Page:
By Andrew Frye
Oct. 6 (Bloomberg) -- Warren Buffett, who as chief executive officer of Berkshire Hathaway Inc. has overseen more than $50 billion in acquisitions, said the 2002 purchase of farm-products provider CTB Inc. was “a lucky day.”
“We’re going to own CTB forever,” Buffett told employees of the Milford, Indiana-based agricultural-services firm. “The operational results, the acquisitions that you’ve made, everything has exceeded my expectations.”
CTB, which sells feeders and stalls under the PigTek and Chore-Time Hog brands, has expanded abroad since the Berkshire takeover by buying businesses in Israel, Germany and the Netherlands. Chief Executive Officer Victor Mancinelli, who convinced Buffett to buy the firm seven years ago, is making “excellent returns,” according to the Berkshire annual letter to shareholders published this year.
“Over the next 100 years we’re going to have some bad farm years and we’re going to have some bad years in the economy,” Buffett said in the address, which was posted on CTB’s Web site and labeled September. “But just look at the progress we’ve made over time. And I hope you’re doing more of the same.”
Buffett, 79, has responded to the U.S. recession by cutting manufacturing jobs and closing facilities. He oversees businesses ranging from insurance and ice cream to corporate jets and power plants. Profit from the firm’s “other manufacturing” units, such as CTB, paint-maker Benjamin Moore and apparel company Fruit of the Loom, fell 18 percent to $1.68 billion in 2008.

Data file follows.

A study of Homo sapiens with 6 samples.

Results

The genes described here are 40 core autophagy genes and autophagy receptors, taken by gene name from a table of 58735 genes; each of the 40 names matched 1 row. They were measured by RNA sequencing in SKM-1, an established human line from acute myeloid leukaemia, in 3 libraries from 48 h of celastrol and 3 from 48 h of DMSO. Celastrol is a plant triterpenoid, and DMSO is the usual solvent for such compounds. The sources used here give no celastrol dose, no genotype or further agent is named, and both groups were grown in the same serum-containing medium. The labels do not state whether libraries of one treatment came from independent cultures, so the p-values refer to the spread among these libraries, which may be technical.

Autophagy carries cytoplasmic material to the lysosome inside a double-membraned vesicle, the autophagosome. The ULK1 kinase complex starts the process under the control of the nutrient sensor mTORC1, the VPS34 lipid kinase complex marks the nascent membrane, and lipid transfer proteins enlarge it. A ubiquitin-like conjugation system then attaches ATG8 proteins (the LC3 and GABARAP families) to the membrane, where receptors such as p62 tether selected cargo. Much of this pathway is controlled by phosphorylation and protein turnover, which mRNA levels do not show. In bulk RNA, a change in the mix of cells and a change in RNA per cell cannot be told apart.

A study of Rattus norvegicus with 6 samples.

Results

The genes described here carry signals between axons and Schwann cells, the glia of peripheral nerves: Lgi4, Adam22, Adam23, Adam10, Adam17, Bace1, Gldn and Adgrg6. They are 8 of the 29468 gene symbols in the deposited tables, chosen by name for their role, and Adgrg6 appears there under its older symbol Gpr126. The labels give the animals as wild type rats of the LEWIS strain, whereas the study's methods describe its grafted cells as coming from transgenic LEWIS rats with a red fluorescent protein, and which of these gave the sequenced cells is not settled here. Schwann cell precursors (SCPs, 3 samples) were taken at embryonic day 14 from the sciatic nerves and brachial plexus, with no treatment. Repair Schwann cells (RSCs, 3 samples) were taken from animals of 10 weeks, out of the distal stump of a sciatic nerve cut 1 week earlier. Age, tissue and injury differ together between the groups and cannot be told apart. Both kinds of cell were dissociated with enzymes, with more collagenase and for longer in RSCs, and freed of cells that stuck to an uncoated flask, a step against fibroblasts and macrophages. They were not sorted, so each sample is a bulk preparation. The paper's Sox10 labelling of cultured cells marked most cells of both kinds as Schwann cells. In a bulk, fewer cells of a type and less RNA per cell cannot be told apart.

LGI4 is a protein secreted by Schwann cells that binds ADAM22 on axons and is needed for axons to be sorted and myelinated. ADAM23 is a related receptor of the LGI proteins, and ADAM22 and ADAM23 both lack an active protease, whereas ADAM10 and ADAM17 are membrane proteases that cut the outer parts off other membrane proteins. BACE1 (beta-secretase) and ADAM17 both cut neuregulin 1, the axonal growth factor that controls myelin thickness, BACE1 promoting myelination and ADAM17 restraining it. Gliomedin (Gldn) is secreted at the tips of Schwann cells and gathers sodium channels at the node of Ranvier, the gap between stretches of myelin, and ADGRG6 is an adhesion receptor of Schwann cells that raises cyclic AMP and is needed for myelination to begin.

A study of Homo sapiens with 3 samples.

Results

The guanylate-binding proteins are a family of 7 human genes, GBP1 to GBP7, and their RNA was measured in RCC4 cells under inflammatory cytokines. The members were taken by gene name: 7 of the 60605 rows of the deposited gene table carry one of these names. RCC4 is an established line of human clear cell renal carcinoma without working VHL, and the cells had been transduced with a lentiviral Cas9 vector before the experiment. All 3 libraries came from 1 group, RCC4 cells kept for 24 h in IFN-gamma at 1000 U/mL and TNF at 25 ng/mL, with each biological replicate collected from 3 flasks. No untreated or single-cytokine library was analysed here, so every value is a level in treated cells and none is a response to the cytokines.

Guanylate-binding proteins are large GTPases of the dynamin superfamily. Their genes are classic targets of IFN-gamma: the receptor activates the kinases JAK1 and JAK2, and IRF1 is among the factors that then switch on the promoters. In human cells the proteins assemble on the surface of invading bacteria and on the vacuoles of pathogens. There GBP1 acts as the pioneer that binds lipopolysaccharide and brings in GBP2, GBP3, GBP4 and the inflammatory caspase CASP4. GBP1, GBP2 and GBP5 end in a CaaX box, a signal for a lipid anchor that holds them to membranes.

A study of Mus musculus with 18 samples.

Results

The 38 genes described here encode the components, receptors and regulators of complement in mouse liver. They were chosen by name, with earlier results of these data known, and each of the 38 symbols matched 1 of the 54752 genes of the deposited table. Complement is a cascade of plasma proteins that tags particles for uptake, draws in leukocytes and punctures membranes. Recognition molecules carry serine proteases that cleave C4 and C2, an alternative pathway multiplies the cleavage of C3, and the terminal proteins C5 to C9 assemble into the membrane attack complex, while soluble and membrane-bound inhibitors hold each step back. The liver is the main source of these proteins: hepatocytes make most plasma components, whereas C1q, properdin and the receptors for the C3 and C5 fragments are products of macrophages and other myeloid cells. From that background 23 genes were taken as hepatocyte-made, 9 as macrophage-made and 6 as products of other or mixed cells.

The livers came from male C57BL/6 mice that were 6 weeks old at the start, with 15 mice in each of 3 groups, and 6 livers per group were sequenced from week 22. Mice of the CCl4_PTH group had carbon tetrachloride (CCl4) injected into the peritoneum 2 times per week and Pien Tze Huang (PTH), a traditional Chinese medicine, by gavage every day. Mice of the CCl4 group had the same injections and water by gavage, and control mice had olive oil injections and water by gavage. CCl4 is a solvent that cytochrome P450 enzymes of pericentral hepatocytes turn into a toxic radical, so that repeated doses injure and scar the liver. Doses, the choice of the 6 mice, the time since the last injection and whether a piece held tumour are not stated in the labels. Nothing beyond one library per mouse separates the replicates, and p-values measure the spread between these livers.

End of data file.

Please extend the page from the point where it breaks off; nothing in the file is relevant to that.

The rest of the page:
Buffett didn’t respond to a request for comment sent in an e-mail to assistant Carrie Kizer.
Berkshire’s acquisition of CTB was valued at $177 million, according to Bloomberg data. Six years later, in 2008, the unit produced pretax earnings of $89 million, Buffett said in the annual letter. CTB bought six companies in the interim, including Swine Services Specialists Inc. and Porcon group of Deurne, the Netherlands.
Buffett built Berkshire into a $150 billion company by buying businesses like auto insurer Geico Corp. and stocks including Coca-Cola Co. that he believes have competitive advantages and enduring brand popularity. He said in the address to employees that he refused an initial proposal to bid for CTB, reversing his decision only after Mancinelli made a trip to Omaha, Nebraska, where Berkshire is based.
“Boy was that a lucky day for Berkshire,” Buffett said. “I spent a little time talking to him and I knew that he was the right guy and CTB was the right company.”